Alex Salmond inquiry: Why any witnesses who lie to MSPs' inquiry should be worried – Brian Wilson
Humiliating for the appointed MSPs, contemptuous of Parliament and ruthlessly obstructed by forces central to the investigation, this process must now be rescued by higher authority – the courts if necessary.
This week alone, we learned that evidence from one key witness – central to the “who knew what and when” contradictions crucial to the committee’s work – will not be heard at all.
Then Sky TV revealed a senior civil servant had insisted key dates be altered in a press statement with the recipient of this pressure fearing for career prospects if failing to comply. This should be shocking stuff.
I have been curious about the committee’s status in law. Witnesses give evidence on oath. Normally, this means telling the truth first time round, rather than coming back for a second bite after counter-information appears. It means not playing with words in order to deceive.
Why bring Almighty God into it if courtroom sanctions do not apply? However, the Scottish Parliament confirmed that “if a witness gives evidence under oath which they know to be false or do not believe to be true, they are committing a criminal offence” with a maximum prison term of five years.
That only heightens the anomaly. While evidence is supposed to be of courtroom standards, the procedures are akin to a badly run golf club. Witnesses decide whether or not they will turn up. Dates and times for appearances are disputed as if they were negotiating hairdressers’ appointments.
Documents are withheld or redacted to the point of uselessness, as is the intention. In the hands of a Scottish court, all of this would have been called out long ago – just as the original defence was called out as “tainted with apparent bias”.
Mr Salmond is surely justified in his wariness of appearing before the committee while evidence central to the case is not only excluded but, if referred to by him, would render him liable to criminal prosecution for contempt. That cannot be right.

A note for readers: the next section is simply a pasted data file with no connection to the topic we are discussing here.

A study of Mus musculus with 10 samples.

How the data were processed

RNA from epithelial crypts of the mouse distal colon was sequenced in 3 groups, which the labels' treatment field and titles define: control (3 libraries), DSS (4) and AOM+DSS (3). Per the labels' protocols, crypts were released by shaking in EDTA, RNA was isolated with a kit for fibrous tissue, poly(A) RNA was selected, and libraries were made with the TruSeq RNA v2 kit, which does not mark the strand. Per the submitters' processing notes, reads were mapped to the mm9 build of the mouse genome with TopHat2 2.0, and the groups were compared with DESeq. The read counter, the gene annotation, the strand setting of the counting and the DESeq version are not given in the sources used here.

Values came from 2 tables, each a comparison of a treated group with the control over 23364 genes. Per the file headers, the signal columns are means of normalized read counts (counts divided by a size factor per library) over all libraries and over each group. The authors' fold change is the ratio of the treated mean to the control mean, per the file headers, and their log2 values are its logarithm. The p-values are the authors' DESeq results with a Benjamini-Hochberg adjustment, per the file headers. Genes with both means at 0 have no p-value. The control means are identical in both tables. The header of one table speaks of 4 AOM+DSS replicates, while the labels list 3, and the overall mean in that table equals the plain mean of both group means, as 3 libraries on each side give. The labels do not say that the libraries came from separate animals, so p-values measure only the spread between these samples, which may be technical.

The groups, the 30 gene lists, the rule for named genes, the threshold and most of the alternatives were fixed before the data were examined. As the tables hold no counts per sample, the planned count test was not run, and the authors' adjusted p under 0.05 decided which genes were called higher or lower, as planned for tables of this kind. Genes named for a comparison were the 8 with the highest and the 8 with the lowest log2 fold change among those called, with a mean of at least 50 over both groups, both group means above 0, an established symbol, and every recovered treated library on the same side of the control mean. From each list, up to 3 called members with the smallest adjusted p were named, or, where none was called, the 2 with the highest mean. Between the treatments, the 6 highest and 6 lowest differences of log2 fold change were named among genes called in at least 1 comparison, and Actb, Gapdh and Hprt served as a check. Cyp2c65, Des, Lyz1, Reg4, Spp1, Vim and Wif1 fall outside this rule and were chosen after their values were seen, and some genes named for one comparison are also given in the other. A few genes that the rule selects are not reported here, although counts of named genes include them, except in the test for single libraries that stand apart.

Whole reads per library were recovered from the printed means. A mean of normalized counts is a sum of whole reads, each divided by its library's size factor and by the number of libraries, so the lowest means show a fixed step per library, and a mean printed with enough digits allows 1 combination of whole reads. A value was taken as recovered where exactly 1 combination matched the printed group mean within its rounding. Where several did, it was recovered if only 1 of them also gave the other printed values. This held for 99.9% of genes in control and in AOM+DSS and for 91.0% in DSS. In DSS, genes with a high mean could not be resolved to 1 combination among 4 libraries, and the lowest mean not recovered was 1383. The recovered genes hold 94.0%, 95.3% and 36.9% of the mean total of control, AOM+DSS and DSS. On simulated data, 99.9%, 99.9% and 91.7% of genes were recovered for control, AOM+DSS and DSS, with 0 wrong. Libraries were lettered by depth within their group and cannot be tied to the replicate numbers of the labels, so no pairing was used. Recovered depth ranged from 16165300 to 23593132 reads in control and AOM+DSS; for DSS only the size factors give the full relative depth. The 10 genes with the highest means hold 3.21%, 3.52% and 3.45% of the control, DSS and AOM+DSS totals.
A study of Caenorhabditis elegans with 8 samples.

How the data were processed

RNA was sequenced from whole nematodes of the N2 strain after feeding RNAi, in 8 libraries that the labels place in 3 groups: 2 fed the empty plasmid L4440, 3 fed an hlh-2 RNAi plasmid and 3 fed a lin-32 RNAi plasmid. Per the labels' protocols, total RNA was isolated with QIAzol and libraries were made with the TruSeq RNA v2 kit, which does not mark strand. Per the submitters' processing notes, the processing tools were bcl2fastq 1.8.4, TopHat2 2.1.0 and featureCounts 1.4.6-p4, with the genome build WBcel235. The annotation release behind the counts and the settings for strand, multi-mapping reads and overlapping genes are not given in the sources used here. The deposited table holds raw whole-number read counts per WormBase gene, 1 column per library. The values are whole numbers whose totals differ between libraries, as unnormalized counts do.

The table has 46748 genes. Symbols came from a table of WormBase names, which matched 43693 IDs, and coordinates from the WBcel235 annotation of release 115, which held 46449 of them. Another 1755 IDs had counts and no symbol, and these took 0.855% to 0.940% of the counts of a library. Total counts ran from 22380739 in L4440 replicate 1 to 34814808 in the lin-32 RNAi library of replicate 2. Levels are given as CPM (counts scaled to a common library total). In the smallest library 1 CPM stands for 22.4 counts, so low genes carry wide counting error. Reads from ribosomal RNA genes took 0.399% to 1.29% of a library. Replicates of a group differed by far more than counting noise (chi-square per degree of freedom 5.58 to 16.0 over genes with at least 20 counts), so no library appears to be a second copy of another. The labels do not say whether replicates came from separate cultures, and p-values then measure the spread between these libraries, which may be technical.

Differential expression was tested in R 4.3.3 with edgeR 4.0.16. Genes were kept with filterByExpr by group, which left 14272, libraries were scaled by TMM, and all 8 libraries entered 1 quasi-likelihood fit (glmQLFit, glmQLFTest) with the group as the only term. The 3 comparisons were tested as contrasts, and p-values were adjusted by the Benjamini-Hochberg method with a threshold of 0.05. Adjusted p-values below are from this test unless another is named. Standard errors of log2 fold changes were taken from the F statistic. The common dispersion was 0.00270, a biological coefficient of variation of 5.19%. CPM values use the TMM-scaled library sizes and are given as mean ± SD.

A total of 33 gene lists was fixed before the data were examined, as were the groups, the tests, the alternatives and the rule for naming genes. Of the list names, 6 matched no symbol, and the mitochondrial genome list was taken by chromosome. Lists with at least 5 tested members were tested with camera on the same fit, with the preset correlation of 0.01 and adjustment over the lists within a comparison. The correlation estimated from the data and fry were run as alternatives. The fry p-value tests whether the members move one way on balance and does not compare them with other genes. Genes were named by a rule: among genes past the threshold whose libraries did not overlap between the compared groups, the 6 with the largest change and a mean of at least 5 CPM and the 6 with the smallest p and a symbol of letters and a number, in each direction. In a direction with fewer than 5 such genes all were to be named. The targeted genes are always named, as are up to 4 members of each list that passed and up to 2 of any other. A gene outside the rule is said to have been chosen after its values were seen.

Otherwise, why was this committee set up at all? If key witnesses can define the parameters within which they are questioned, what is the point of calling them? These are dilemmas which members of the committee are increasingly obliged to ask themselves.
Inevitably, some of the withheld evidence is turning up on blogs and social media sites. If half of it is it true, then questions of whether a conspiracy occurred or the First Minister repeatedly misled MSPs can be easily answered. But is half of it true? And if so, which half?
We now have the ridiculous situation of very specific allegations and precise, ostensibly damning quotes floating about the internet while the committee is supposed to pretend they do not exist.
The catch-all justification for withholding evidence is that it might risk the anonymity of complainers against Mr Salmond. That is indeed a serious consideration; indeed so serious that it cannot be deployed as a shield for others to hide behind. What is going on at present is scarcely in the interests of the complainers.
It is beyond reason to maintain that MSPs cannot be entrusted with evidence under legally binding conditions while the same material is dripped out pejoratively and indefinitely through the internet.
Our ruling political smart-alicks, for whom considerations like old-fashioned Scottish justice come a poor second, dismiss the whole affair on grounds that it is not “cutting through” with the public. The pandemic, they assert, has taken care of that.
Maybe they should be less cocksure. A Panelbase poll this week suggested that 68 per cent of Scottish voters think Ms Sturgeon should resign if shown to have misled MSPs. At least they know enough to have an opinion.
In the season of Burns, all involved might remember his great lines: “There's nane ever fear'd that the truth should be heard, But they whom the truth would indite.”
That good Scots word “indite” might yet come to have particular relevance.